Voting & Elections in Texas

Oct 12th, 2014
Price: $5 USD

Question description

ASSIGNMENT 1 -- read carefully pp 84-86, of the e-text, to get a feel for the difference between DE FACTO, and DE JURE voting barriers.  Not everyone can or should be allowed to vote…we all can agree to this.  The devil is in the details, as always.  The de jure (by law) barriers are mostly sound, but can you see any potential problems with some of them?  The trick to affecting outcomes is to establish circumstantial barriers, that is stacking the deck in favor of one party or candidate, through various other legitimate rules or requirements.  (my definition of a loophole) That is what de facto barriers are--indirect separate facts that amount to the same thing as being denied the right to vote. These types of barriers to participation usually happen through unstated, but effective tactics, for example, making lists of potential felons, or people with the same names as felons, in order to stop them from voting.  For reference, see Florida, 2000, Ohio, 2004, Florida and Pennsylvania 2012....

People get very, very upset when they perceive that their vote doesn't count, or that they are being denied their right to vote... and I don't mean their LEGAL right to vote, but the fact of not getting to vote, OR not having their vote count due to ballot problems.  The reason isn't so much that an individual vote was miscounted, but that the systemic miscounting, or wrongful administration of elections takes away the one legitimate aspect of democracy--the political process.

"De facto" and "de jure" are concepts of law for the most part, but they affect you in your everyday life GieselerTXGovPrint copy.pdffar more that you may realize.  Just think of the literal translation of each --by the fact and by the law.  "By the fact" means as a result, that something turns out the way it does, intentionally.  "By the law" means something occurs/doesn't occur directly as a law stipulates.  

Another distinction is often used to ban to prevent outcomes are those regarding gender, or age, or national origin...again a DE FACTO barrier...

Sample Scenario #1: (de jure) Airlines can't establish no-fly lists based on middle eastern nationalities, but they CAN (de facto) refuse to let individuals fly to and from certain countries, without a passport, and fitting a certain profile (having no luggage, 1-way ticket)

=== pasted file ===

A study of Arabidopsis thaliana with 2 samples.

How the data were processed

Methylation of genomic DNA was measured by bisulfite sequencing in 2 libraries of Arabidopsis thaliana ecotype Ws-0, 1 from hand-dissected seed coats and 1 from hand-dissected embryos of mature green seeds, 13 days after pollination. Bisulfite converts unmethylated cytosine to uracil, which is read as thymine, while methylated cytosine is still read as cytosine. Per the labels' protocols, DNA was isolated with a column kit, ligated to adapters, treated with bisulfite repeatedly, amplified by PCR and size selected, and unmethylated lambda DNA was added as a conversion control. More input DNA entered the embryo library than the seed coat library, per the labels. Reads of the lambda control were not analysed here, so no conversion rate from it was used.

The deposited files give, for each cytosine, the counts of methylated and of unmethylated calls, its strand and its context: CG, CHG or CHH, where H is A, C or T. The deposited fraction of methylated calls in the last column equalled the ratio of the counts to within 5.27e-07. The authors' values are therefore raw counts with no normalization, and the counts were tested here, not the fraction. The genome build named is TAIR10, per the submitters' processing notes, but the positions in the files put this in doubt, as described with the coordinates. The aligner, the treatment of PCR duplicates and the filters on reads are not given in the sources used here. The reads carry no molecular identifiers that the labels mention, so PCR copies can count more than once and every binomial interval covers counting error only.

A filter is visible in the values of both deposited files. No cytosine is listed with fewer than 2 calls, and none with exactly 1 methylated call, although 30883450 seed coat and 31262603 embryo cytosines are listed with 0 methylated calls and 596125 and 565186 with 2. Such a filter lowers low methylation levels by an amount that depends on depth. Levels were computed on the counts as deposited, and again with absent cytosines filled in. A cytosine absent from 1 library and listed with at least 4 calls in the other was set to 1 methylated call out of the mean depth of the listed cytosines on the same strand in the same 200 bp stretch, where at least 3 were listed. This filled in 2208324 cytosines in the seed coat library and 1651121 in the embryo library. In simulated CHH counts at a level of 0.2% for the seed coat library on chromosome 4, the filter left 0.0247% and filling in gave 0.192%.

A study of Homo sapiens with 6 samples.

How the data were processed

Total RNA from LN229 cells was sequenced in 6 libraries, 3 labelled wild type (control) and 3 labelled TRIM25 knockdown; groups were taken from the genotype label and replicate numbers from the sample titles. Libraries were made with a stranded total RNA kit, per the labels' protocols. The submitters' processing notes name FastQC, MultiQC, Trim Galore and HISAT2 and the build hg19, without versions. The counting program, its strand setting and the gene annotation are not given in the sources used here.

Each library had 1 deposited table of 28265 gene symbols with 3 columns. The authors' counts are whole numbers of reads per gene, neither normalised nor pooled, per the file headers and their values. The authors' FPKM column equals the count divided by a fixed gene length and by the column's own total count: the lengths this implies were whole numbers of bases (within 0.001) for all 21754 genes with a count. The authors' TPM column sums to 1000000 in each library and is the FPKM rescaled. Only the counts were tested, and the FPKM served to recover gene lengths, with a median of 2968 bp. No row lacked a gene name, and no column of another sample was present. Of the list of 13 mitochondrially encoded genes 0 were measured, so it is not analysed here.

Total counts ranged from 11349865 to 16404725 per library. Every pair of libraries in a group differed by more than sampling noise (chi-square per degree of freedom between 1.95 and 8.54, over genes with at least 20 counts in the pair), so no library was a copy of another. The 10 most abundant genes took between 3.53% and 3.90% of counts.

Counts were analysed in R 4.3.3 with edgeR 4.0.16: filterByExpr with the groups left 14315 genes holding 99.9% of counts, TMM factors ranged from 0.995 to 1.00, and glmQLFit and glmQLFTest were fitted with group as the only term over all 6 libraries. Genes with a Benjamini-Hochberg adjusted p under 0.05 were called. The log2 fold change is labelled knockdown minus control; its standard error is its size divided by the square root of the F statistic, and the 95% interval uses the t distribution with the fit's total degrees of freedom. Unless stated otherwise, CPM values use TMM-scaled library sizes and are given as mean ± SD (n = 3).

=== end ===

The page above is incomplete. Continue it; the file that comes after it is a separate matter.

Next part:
Sample Scenario #2:  The Army has a policy that females may serve in any capacity in the Army (de jure).  However, for certain special skills training, a rule states that no one who is pregnant or may become pregnant may serve in these fields.  Thus, females are banned (de facto) (unless the female applicant had a hysterectomy, of course, but the vast majority of young women do not)

Finally, an actual barrier, the grandfather clause:  African American males have the right to vote by 1868, but if one’s grandfather was a slave, one couldn’t vote.  No mention of  race in this barrier, but you get the story…

FOR ASSIGNMENT:  Submit two scenarios of your own, with a de facto barrier/element and a de jure barrier/element.  NOTE:  these can be virtual scenarios, but they need to be about a function of government...  Be creative---I won’t try to psychoanalyze  LOL!    In truth, age, race, gender, religion, and even more importantly, citizenship status are the usual suspects for voting mischief, but not for the reason you think.  It’s that these categories allow an accurate profile of the voter’s political party identity.   Please use government scenarios, ie, registering for school or college, the draft, health care, buying a house, getting a drivers license, etc...


1. Discuss the types of elections, i.e., primary, general, and special, referenda...

2. Explain the purpose of each and how each is administered and regulated. Include a statement on the purpose of a dual primary.

3. When do the different elections occur?